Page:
Creeks of the Gambia

Andy Gibb
Mon 3 Jan 2011 17:41
We are at 13:15.87N 16:12.77W and if you look this up on the map you will find it is about 2 miles away from the Bintag Bolong a tributary of the mighty Gambia River. This is because the earlier surveryers were fantastically accurate with their sextants but even so a difference of 2 miles makes a chart almost unusable - unless you do as we did, and follow it using a form of symmetry so we know the shape of the river, whether it curves left or right, we just dont know exactly wehre we are.
After a fantastic Christmas with James (we had Christmas dinner in Mindori Creek 50 miles up the Gambia and miles from anywhere), we motored back to Lamin near the mouth of the Gambia, had a lovely evening firedance, then James left to return to cold England. Martin and Jonny flew in on New Years Eve - they will be with us on the trans Atlantic crossing to Guyanas. 2 yachts had arrived at Lamin that day so we arranged with Peter for a New Years Eve Party which was tremendous, complete with fireworks provided courtesy of the hotels about 5 miles west on the Atlantic coast, and a few from Lamin Lodge whihc almost set the Lodge alight, luckily Intrepid was about 150 metre away. Mahmoud laid on a party for us the next day, which was vey kind of him, about 75 children and adults danced away as the Intrepid crew tried the rythyms than tried drumming both with limited success but plenty of enthusiasm.
We went to Albreda next day - where Alex Haley traced his Roots - an old Portugese/French slave trading post where Kunta Kinte, Alex Haly's 17 year old ancestor was traded as a slave and ended up in Virginia in 1770. The village was placed fimrly on the tourist map with Haley's book, but there is now much more competition, visitors are down by half, and even though they have a generator and lines (paid for I understand by Haley), the village cant afford the fuel. Its a little desperate as it tires to get money from tourists - we as independant tourists are much more lucrative than tour groups wo negotiate the price right down.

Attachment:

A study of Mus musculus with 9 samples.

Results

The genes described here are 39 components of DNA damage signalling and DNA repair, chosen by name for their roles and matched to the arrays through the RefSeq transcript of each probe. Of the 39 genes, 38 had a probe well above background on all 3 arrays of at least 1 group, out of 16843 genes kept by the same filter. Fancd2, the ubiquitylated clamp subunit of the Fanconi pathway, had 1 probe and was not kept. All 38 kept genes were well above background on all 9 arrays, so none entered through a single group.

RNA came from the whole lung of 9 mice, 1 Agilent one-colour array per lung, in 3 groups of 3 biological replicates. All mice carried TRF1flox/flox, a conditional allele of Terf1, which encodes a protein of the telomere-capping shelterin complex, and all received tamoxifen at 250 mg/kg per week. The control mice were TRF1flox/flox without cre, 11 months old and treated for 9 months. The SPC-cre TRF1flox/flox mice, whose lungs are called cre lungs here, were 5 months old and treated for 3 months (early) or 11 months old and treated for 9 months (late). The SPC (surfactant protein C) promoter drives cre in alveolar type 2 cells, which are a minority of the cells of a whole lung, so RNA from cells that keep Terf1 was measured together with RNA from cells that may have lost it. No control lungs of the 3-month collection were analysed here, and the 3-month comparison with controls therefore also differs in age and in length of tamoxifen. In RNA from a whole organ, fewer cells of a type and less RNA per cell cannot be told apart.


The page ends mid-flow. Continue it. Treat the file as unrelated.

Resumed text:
Then up Bintang Bolong to Bwiam where I bought 2 fish from Masarai, who then showed s round this sprawling village, including the road built to the river so that the Presidnet wife who was pregnant could get to hospital in Banjul by river without having to use the awful teeth jarring south bank road. The President comes from 9 kms from here, he is a Jola (a minority tribe) and Maserai helped us buy bananas, peanuts, and sweet potatoes, then we admired the new hospital, then vivisted his family compound where we bought a string bag and 2 kilos of lemons. Fantastic, Really wonderful visit, Jonny and Martin beaming as they pilot Intrepid down river on a falling tide. Apocalypse Now has nothing on Intrepid navigating through the mudflats.